Synergy Brass Quintet Achieves Rock Idol Status With Young Audiences

Synergy evokes raves of the rock idol variety wherever the dynamic brass quintet performs. Their “Christmas in Brass” concert imparts a unique flavor to Bach choral works, Handel’s “Messiah,” classic Christmas carols and seasonal favorites.

Trombonist Jordan Witt from bluegrass country in Big Stone Gap, Virginia emphasizes that he and his four colleagues were trained as classical musicians, but they share the musical zest of the teens and twenty-somethings attending their shows.

Audiences react enthusiastically because all five members are very young and passionate about presenting a different perspective of classical music all around the world to people who might not even like it. They tour at least ten months of the year and spend part of that time performing for students and giving master classes. Because they bring humor to the stage and get everyone involved, audiences discover that classical music can be fun.

Witt’s colleagues are first trumpeter Bobby Thorp, second trumpeter Eric Braunstein, French hornist Jon Hurrell and tuba player Tristan Eggener. All studied with noted teachers and have advanced degrees from major conservatories and universities. Although they are known primarily as classical musicians, all have performed and recorded with major artists in styles ranging from jazz, blues and swing to bop, funk and ska which they incorporate in their concerts.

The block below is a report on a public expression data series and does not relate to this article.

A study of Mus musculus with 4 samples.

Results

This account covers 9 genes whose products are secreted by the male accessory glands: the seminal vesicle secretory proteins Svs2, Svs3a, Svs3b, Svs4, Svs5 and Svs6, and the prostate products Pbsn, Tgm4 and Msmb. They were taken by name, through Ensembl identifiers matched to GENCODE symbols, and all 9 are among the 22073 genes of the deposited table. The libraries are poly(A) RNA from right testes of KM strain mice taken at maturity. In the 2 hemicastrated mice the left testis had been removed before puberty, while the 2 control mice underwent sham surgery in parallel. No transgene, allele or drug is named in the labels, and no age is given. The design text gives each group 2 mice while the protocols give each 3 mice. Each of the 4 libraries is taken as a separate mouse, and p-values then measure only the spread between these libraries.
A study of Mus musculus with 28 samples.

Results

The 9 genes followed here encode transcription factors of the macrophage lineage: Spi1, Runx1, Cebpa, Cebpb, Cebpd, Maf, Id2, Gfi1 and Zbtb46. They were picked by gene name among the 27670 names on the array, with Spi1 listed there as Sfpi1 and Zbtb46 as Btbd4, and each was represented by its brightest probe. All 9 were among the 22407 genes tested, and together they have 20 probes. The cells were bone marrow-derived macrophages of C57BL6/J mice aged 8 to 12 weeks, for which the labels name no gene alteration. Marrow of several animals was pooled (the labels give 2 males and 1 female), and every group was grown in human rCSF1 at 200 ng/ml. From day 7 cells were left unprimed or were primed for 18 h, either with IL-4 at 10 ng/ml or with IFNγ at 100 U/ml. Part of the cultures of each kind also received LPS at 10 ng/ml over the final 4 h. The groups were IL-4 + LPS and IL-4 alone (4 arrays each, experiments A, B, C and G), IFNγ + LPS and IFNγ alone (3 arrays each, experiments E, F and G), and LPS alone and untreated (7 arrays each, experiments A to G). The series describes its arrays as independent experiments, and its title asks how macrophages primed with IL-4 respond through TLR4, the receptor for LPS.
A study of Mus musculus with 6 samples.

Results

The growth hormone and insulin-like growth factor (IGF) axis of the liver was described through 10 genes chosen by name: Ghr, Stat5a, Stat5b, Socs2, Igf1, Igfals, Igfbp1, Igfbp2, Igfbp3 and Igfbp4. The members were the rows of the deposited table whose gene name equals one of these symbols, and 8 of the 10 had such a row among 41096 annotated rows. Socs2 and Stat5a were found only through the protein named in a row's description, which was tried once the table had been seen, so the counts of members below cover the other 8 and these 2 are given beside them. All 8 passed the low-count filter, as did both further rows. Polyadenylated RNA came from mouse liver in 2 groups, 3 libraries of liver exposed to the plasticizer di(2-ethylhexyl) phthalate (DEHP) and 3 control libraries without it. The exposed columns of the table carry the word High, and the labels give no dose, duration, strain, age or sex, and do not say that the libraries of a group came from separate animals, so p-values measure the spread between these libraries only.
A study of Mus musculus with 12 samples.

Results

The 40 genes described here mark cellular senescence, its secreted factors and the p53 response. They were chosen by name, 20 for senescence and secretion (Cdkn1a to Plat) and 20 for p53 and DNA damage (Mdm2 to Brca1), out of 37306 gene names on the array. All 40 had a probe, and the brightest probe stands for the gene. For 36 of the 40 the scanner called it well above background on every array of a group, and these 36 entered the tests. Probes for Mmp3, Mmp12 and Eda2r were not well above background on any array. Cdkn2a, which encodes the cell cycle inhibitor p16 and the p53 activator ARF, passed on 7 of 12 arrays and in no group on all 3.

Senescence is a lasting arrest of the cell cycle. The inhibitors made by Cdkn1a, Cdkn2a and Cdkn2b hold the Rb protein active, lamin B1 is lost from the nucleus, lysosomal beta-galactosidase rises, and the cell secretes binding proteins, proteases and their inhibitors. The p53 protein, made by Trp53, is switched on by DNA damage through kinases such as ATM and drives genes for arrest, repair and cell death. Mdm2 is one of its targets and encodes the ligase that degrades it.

They are based in Boston where two members studied at Boston University under members of the celebrated Empire Brass, but their schedule keeps them on the road most of the year. During a recent tour to Germany and Austria, they made videos of their performances in historic halls that will be out in late summer.

Witt, like the other members of Synergy Bass, discovered his love of music as a youngster. For this reason, they like to include visits to local schools wherever they perform and will present a program for Fairfax students while in town. Growing up in Southwest Virginia, Witt gravitated to blues and soul music, but did not care for the twangy country vocalizations. He was playing the saxophone in his high school band when the teacher asked him to switch to trombone to make up for the lack of low brass instruments.

In addition to their concerts and educational outreach visits to schools and colleges, Synergy was the quintet-in-residence at the Boston Tanglewood Institute and has performed on NPR and at major music festivals, among them the Ravinia Festival, Bethlehem Musikfest, the Festival de Musica de Camara de Aguascalientes in Mexico and the Tanglewood Music Festival. Each summer they conduct a Brass Camp in Dallas, Texas

Emily Cary is a prize-winning teacher and novelist whose articles about entertainers appear regularly in the DC Examiner. She is a genealogist, an avid traveler, and a researcher who incorporates landscapes, cultures and the power of music in her books and articles.